Getting people to yield to safety

Drivers recognized for their efforts during National School Bus Safety Week

October 22, 2006|By Ellie Baublitz | Ellie Baublitz,Sun Reporter

The next time you're in a hurry and think you can get by a school bus making its umpteenth stop, think about this: The fine for passing a stopped school bus with its red lights flashing is $570 and three points on your driving record.

And you will most likely be cited because school bus drivers note license plate numbers, car descriptions, time, date and location of violations, and report them to the police and to the Carroll County Public Schools' Transportation Department.

"I have up to a year to issue a violation," said Sheriff's Deputy 1st Class Conrad Dill, who has already issued 50 citations this school year on almost daily bus patrols. "It can happen to anybody -- blue collar, professional. One school teacher even ran a bus light."

During National School Bus Safety Week last week, Dill and officers from the Maryland State Police and town police departments were out watching for school bus violators as part of a stepped up campaign.

And there are plenty of buses out on Carroll roads during the school year.

"Our buses travel 6 million miles a year," said Jim Doolan, public schools' transportation director. "We have 301 buses everyday traveling the roads on 236 regular routes and 65 special ed routes, including 15 routes outside the county to 20 private schools; 236 buses that do three runs every morning and every afternoon, a total of 708 routes a day, and over 9,000 stops."

More than 27,000 students are eligible to ride a bus, Doolan said.

School bus safety is paramount with the school system and police.

The county gets a $35,000 state grant for overtime to police for bus patrols, Doolan said. Officers follow buses, sometimes ride a bus, and talk to students about bus safety throughout the year, he said.

The Carroll County Health Department also presents special programs to different schools, this year to Linton Springs and Westminster elementary schools.

"We set up Otto the Auto with AAA on Monday, and Tuesday was the Westminster City Police school bus safety program," said Maggie Beatty, coordinator of the Health Department's Safe Kids Coalition. "We just want to make sure the children understand the safety rules at their bus stop and the importance of them."

The schools, and some students, also recognize the drivers during bus safety week by inviting them to breakfast or giving them gift bags or cards.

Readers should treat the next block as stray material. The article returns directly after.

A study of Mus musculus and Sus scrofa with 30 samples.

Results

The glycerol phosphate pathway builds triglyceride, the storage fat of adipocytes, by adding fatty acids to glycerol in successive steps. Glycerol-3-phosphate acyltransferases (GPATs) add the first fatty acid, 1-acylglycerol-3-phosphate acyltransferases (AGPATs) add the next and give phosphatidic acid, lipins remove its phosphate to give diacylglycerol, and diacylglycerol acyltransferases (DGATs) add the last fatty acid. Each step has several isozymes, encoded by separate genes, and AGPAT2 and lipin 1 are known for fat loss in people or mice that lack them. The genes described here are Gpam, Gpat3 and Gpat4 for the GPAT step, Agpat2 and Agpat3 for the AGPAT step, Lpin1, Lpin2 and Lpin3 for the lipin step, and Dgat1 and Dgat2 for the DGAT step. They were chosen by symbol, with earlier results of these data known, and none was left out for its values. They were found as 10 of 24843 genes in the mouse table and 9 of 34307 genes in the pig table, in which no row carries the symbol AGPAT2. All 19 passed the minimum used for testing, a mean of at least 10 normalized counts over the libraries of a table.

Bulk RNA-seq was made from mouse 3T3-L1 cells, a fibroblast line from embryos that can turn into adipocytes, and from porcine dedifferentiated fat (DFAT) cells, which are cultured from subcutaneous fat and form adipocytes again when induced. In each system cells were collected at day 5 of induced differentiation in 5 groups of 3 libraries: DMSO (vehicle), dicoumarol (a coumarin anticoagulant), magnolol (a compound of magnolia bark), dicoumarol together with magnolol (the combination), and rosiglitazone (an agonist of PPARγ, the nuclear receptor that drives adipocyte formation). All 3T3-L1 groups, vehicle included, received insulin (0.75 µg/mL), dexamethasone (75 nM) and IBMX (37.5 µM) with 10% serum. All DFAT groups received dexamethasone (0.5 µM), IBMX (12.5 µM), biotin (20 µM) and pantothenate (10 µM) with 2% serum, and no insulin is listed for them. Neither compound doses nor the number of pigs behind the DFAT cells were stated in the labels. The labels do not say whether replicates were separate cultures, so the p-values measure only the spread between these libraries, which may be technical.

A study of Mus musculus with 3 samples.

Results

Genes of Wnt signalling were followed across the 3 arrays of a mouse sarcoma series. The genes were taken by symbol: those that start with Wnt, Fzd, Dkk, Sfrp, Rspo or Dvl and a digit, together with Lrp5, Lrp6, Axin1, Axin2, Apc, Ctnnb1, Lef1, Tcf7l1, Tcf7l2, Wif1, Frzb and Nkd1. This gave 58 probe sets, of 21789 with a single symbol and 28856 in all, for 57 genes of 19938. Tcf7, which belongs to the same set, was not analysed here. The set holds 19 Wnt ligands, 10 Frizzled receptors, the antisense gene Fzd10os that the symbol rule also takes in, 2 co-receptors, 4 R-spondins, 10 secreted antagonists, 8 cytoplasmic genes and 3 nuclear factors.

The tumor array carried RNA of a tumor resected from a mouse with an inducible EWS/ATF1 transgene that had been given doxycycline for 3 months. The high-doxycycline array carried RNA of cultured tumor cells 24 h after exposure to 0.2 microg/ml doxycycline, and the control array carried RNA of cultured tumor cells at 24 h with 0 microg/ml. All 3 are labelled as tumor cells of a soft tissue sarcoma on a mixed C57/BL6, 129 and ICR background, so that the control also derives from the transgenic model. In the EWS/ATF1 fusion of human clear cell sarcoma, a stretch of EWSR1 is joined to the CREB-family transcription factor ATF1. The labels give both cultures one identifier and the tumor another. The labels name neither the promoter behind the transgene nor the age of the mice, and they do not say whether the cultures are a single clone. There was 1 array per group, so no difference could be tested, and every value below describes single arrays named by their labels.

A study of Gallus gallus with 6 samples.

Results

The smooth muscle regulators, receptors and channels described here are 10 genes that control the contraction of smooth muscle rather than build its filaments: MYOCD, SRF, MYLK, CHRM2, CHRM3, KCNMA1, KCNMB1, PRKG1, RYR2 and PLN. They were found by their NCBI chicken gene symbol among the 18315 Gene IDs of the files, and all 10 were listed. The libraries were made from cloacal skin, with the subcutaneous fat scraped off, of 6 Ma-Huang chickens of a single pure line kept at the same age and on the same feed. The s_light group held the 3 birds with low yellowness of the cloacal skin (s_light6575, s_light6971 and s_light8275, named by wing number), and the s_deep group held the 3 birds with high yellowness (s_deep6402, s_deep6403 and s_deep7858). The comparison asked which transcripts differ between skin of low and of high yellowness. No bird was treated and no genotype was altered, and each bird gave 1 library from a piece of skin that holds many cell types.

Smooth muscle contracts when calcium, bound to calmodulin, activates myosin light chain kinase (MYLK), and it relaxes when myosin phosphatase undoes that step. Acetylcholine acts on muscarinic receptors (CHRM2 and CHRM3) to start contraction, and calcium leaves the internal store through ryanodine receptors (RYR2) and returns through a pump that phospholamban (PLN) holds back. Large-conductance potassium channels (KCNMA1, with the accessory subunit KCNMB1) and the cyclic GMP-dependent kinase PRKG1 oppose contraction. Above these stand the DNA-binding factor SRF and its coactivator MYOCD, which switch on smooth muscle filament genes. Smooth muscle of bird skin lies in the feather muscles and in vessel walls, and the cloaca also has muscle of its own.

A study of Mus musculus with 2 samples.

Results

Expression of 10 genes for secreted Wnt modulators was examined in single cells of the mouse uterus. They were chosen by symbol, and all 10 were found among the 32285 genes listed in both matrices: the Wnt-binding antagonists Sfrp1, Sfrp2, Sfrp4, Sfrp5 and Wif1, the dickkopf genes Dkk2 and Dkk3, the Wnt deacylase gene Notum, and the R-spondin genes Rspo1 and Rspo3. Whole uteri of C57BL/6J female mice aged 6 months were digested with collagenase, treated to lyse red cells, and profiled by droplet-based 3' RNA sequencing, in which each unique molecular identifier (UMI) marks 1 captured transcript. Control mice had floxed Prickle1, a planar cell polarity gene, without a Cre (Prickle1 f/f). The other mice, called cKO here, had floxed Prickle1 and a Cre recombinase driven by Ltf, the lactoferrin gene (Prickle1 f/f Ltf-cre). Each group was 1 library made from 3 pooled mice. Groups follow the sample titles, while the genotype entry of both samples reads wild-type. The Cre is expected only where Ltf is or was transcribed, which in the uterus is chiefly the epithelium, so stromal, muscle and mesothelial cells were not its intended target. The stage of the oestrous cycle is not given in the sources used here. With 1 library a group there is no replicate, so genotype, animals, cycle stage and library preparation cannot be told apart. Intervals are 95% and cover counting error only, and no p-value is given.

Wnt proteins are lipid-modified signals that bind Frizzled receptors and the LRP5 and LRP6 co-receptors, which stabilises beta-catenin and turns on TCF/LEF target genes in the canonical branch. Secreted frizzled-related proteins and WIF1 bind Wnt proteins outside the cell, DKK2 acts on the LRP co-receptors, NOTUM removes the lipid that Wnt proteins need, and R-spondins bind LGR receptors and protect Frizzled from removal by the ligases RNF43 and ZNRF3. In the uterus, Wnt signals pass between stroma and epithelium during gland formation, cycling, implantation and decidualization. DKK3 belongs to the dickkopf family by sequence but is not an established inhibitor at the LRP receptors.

Denise Walsh, a second-year school bus driver in the Hampstead area, said Spring Garden Elementary gave its drivers a bag of Jill's Jams and Jellies products, and Shiloh Middle's bus coordinators greeted their drivers with cookies and handmade note pads.

Two of her Spring Garden pupils drew her pictures and signed them.

"That made my day. It really does help you feel appreciated," Walsh said while waiting Wednesday afternoon for North Carroll High School to let out.

The teens straggled on by ones and twos, spreading out over the green seats. The afternoon load was light, as about half of her 25 or so students were at sports or music programs.

She greeted each pupil, calling them "sweetie" or "honey" even though she knows all their names.

"I always talk to the kids -- I have to," she said. "When we get a good topic, we have good conversations. I have a great relationship with all ages -- I feel they know what I need them to do, and they know they can talk to me if they have any issues."

Junior Eric McGee said, "We have the best bus in the county. We're the quietest bus, too."

Walsh agreed.

"And she doesn't drive like a crazy person," added Katherine Grantland, also a junior. The bus erupted in laughter.

Freshman Melissa Grow was a new rider, having been switched from an overcrowded bus to Walsh's run.

"I like how there's not a lot of people -- my other bus had three to a seat -- and the bus driver is really nice, she talks to you," Melissa said.

After dropping off the teens and stopping at the end of the run to make sure nobody was left on the bus and all her lights worked, Walsh drove to Shiloh Middle for her second run. Spring Garden Elementary ends the day.

In contrast to the older teens, about 45 "tweens" bombarded the bus with a surge of noisy energy, this time filling all the seats. On a quick detour past the high school, the girls shrieked at a boys' sports team sitting out by the driveway.

"This is where you eighth-graders will go next year," Walsh told them. "Cute boys, cute girls."

She took the noise, the chatter and shrieks in stride, laughing with the kids, listening to one pupil tell her about something that happened that day.

"I'm so lucky to have good runs," she said.